Some investors who got aboard the high-flying stock market when it took off a year ago have been looking for a parachute. After climbing from about 820 last August to nearly 1,250 earlier this summer , the Dow Jones industrial average was headed for lower altitudes last week. It has recovered somewhat, but the decline has made many investors anxious. Although they had little trouble deciding to buy after the bull market started, they are now asking: When should I sell?
Investment advisers have a variety of answers to this question, and their answers are often wrapped around an even greater variety of factors, including technical points, the investor's temperament and need, and any circumstances related to a certain stock or industry.
Sometimes, tax consequences play a part in the decision to sell. If the stock has been held for at least a year, and many of the stocks bought at the beginning of this bull market have been held that long by now, any profits qualify for the easier tax treatment accorded long-term capital gains.
Often, selling a stock that is not doing well is more painful than the decision to part with the cash to buy it in the first place. This can be true for brokers, too. There's a matter of pride involved here; no one wants to admit he made a bad choice, whether it's the investor who bought the stock or the broker who recommended it. If you just hang on to the stock a little longer, the reasoning goes, maybe it will come back and fulfill all those promises.
Of course, in this bull market the promises may have been more than fulfilled when the stock peaked, and that leads to one often-used rule for deciding to sell. That is, sell any stock that drops more than 10 to 15 percent from its peak, no matter how much you liked it when when you got in. With more volatile stocks, such as those on the over-the-counter markets or the American Stock Exchange, you may want to increase the limits to 20 or 25 percent.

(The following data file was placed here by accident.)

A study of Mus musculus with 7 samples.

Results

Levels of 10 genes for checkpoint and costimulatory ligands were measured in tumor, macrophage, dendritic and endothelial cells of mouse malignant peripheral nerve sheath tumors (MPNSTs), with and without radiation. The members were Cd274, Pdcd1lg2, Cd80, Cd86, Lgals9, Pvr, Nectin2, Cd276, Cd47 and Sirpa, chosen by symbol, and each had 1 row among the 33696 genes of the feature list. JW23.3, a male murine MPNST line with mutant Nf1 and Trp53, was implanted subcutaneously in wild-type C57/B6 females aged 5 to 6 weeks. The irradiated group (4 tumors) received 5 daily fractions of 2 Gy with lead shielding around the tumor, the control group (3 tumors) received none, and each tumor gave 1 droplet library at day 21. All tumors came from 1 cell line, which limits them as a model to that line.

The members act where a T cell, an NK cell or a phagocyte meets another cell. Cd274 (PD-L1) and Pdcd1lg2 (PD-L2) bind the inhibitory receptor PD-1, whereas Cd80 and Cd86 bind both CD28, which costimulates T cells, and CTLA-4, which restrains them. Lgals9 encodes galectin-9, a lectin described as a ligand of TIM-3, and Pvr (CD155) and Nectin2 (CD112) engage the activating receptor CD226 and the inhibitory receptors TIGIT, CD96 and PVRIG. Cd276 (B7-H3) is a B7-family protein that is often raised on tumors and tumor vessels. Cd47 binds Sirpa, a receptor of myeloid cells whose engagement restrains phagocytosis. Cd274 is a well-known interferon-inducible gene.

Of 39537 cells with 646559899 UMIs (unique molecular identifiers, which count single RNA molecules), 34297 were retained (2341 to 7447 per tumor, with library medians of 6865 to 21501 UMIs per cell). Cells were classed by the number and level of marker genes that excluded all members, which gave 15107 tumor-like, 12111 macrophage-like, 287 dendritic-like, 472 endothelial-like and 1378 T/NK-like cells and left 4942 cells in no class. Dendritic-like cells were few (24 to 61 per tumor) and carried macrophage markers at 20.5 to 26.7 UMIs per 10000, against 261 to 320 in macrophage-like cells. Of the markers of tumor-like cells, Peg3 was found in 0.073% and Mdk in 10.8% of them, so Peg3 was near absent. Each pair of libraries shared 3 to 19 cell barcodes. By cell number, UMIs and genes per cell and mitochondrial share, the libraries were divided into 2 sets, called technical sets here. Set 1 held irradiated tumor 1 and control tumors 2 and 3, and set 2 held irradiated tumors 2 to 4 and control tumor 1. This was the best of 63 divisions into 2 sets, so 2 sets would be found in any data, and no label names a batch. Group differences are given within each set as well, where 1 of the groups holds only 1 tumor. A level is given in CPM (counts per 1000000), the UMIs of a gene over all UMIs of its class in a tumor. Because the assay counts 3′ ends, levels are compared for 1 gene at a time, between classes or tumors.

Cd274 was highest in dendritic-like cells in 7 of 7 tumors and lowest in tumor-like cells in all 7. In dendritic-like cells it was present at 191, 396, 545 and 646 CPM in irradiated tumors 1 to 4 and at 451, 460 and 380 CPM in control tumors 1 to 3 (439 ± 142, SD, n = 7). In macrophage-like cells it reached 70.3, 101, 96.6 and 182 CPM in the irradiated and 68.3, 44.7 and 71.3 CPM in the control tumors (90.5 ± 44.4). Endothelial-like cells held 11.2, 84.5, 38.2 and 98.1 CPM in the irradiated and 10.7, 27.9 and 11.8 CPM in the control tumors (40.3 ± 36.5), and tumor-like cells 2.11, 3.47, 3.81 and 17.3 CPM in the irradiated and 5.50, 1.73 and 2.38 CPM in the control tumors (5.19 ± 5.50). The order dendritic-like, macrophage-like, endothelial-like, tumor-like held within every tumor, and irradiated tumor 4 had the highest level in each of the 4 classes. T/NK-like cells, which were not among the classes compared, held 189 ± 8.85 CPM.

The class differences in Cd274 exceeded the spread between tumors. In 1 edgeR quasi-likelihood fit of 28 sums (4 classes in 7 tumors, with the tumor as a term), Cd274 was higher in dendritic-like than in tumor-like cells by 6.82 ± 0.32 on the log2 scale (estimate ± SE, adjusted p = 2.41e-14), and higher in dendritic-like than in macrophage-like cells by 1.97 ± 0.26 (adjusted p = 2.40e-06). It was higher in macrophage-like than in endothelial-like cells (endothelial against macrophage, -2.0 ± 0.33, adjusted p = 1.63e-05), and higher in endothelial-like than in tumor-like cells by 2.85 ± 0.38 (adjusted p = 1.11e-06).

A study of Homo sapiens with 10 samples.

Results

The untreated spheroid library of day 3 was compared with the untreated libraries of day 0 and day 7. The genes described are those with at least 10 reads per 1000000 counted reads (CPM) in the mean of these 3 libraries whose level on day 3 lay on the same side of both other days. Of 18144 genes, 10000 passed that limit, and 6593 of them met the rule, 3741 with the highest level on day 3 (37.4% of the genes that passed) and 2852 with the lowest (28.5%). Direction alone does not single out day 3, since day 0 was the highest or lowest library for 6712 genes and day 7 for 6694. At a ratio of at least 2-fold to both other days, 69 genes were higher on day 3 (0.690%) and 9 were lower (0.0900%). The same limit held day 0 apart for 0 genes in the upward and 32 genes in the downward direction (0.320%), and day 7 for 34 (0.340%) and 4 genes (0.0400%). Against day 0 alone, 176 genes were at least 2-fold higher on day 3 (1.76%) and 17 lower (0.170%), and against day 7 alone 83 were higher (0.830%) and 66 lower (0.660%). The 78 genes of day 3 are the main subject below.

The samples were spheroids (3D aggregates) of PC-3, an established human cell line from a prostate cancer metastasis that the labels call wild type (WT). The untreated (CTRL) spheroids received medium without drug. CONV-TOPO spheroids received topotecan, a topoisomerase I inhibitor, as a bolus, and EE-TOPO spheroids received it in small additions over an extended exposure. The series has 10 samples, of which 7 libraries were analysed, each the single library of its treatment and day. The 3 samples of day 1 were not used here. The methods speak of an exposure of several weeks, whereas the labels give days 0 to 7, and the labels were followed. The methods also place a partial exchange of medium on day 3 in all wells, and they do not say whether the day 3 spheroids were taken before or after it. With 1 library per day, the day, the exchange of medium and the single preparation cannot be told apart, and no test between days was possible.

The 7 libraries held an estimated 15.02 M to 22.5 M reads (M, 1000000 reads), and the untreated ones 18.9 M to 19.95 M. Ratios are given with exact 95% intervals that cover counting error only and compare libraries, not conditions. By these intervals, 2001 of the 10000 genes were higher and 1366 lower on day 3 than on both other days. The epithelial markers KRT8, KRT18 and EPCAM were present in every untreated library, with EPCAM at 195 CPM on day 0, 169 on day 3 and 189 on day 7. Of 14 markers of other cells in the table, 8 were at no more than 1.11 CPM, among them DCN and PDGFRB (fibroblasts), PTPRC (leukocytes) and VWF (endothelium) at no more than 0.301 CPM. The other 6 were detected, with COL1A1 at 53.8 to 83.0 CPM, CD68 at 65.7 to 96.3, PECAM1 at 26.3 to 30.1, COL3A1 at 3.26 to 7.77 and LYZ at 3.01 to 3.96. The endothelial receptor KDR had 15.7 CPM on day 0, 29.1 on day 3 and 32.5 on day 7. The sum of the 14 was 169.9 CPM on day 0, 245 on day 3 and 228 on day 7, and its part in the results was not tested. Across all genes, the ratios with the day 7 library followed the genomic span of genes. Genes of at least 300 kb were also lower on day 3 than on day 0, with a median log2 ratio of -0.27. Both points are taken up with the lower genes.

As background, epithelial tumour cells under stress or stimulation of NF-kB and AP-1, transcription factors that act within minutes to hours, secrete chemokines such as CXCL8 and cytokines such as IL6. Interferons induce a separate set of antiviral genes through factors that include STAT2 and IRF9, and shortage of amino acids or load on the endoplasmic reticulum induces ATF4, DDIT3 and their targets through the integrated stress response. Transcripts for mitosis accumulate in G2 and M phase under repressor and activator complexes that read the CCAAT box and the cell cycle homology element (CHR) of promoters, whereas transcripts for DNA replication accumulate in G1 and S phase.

Financial advisers who favor this strategy admit it may be a mistake sometimes: a stock can turn around and go up again. But overall, they say, following this policy will prevent a greater loss.
One broker, asked about his criteria for selling, also had what he called a fairly simple rule: ''I decide when I'm going to sell before I buy,'' he said. After examining a company, he explained, he decides how high the stock price can realistically expect to go. Then - if it doesn't fall drastically before then - he sells when it reaches this ''ceiling.'' Again, this may mean missing some gains, but in the long run it works well for him.
While ceilings are one way to make a selling decision, many technical analysts like ''floors'' better. This is a price where previous declines in the price have ended and the stock has either held its own or gone back up again. If the stock goes below this floor, these analysts say, it means the stock is no longer attractive to investors who bought it at that price before.
Many investors, in fact, put an automatic floor in place. They instruct their broker to sell as soon as the stock gets down to that price, to make sure they don't lose any more because they were not able to catch a decline.
Beyond these ''simple rules,'' there are other, more specific ways to decide if it's time to bail out. Sometimes a stock will look attractive because the company or investment analysts following it expect a favorable development. It may be a new product, a takeover by another company, or a jump in earnings. If the expected event doesn't happen, or if it does happen and the stock still does not move, it's probably best to get out.
While an anticipated event may be a reason to buy a stock, there are unexpected events that should move you to sell. The basic fundamentals behind the company or industry, such as sales, profits, competition, or interest rates, may change suddenly. If these changes are unfavorable, sell.
Another reason to reconsider keeping a stock is the company's debt. As interest rates came down in the last year or so, many companies increased their borrowing to cover spending they were forced to defer earlier. Some companies may have overborrowed, and others may find themselves in some trouble if interest rates go back up again. With the increase in the prime rate earlier this month, this is a good time to be watching this factor.
Deciding to sell a stock that once looked so hopeful can indeed be difficult. But if investors are willing to cut their losses (or accept a somewhat smaller gain), they can avoid the pain of much greater losses, the penalty for holding on to a loser.